An infrastructure investment that marries traditional air quality data sensors with big data analytics and visualization software would significantly improve monitoring agencies’ ability to manage air quality issues and respond to incidents
Our country’s air quality infrastructure is about to be tested as never before. But unlike the infrastructure challenges that typically grab newspaper headlines – bridges that are falling down, roads in disrepair, and so on – the air quality infrastructure is facing a far more formidable opponent: progress.
To date, the air quality data used in spotting pollution problems, analyzing trends, and guiding effective responses has been collected by more than 370 government monitoring stations and thousands upon thousands of other monitors around the country. In the not-too-distant future, though, those monitoring stations and the air quality analysts who staff them seem likely to be overwhelmed by an avalanche of data unlike anything they have seen before.
Spurred by major improvements in sensor technology quality and a corresponding drop in price, it is now possible to create much denser monitoring networks capable of generating a very granular picture of air quality conditions. Chicago’s Array of Things, for example, features a network of interactive, modular sensor boxes installed around the city to collect real-time data and measure factors that impact liveability, such as climate, air quality, and noise.
The lower cost also allows monitoring equipment to be placed in more locations, including sparsely populated areas which previously would have been ignored.
Coupling these advances with the emergence of Internet of Things (IoT) communication platforms will result in a huge increase in the volume of quality data available and with it, a huge problem. Quite simply, the techniques now being used to analyze data from thousands of monitoring stations will no longer be effective when the number of monitors climbs into the millions. This onslaught of information potentially could cause analysts to miss out on valuable data insights, while monitoring agencies are likely to remain in a permanent reactive state, incapable of taking proactive steps to minimize or prevent air quality issues.
Fortunately, there is a way to deal with this dramatic rise in data. Big data analytics software, already being used extensively in other applications, potentially could easily be adapted to collect and analyze the massive data sets that new monitoring technology will produce. Adding big data to the air quality infrastructure would enable air quality analysts to rapidly review huge volumes of both structured and unstructured data, while simultaneously applying the predictive models, statistical algorithms, and what-if analyses inherent in big data tools.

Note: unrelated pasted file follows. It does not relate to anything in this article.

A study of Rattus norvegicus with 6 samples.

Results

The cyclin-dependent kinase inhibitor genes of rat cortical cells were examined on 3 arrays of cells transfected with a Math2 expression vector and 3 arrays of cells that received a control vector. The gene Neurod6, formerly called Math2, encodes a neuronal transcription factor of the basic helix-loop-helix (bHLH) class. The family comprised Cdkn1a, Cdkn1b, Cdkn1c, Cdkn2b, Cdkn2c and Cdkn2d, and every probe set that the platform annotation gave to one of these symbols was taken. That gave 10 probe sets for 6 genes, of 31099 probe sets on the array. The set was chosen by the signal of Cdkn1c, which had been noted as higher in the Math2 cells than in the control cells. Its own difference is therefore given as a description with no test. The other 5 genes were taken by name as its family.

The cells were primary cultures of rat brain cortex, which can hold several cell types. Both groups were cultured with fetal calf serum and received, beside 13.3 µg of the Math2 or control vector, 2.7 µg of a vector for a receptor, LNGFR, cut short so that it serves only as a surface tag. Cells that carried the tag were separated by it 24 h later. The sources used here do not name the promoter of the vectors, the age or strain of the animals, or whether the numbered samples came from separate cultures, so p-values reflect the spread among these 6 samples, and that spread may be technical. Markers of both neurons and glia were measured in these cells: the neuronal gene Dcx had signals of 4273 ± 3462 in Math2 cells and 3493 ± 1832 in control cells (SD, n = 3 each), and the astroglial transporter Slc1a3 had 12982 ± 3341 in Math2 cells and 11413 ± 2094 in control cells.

As in its other applications, big data could also be adapted to present air quality data visually. This visual component would allow data from other sources to be added to air quality data. For example, data from a sensor network could be overlaid on digital maps, providing an effective way to see and then determine the source of pollution and which adjacent areas are most likely to be affected. Similarly, data could be combined with feeds from weather agencies so that sudden wind shifts or changes in atmospheric conditions can be factored into a determination of the likely movement of pollutants.
Clearly, an infrastructure investment that marries traditional air quality data sensors with big data analytics and visualization software would significantly improve monitoring agencies’ ability to manage air quality issues and respond to incidents. Armed with these tools, forecast models could be constructed which show where problems are most likely to occur so that proactive steps can be taken to minimize the effects on residents.
Similarly, analysts could respond to receipt of a complaint about an odor by generating a back track that identifies the likely source of the problem. This would allow the proper agency to respond quickly to the complaints or incidents with an answer based on real data, rather than anecdotal evidence.
Ultimately, more data will serve to shift the focus of air quality analysts from specific bits of data to the trends that emerge from this data, enabling them to study the correlation between data sets and contextualize data with geography. Applying such an approach to an area like Long Beach, CA, for example, could help analysts to conclude that while industrial facilities are typically blamed for air pollution in the area, the real culprit is automobile exhausts.
Just as money spent on proactive health initiatives such as exercise and healthy eating campaigns can lead to longer-term savings for the medical system, investing in better monitoring and analysis tools will have a huge payoff when it comes to the natural environment. An investment now in visualization and big data analysis tools which are capable of effectively processing the growing avalanche of data being generated by sensor networks will significantly improve environmental agencies’ ability to deal with the air quality challenges of the future.
To be truly effective, though, changes in air quality infrastructure must be accompanied by a shift in the mindset of the air quality community. Analysts will need to recognize – and embrace – the fact that the more data they have, the better off they are.
Andres Quijano is Systems Operations Manager – Americas for Envirosuite Limited, a global provider of environmental management technology through its leading Software-as-a-Service platform. The Envirosuite platform provides a range of environmental monitoring, management, and investigative capabilities that are incorporated into a diverse array of operations from waste water treatment to large-scale construction, open-cut mines, port operations, environmental regulators, and heavy industry uses.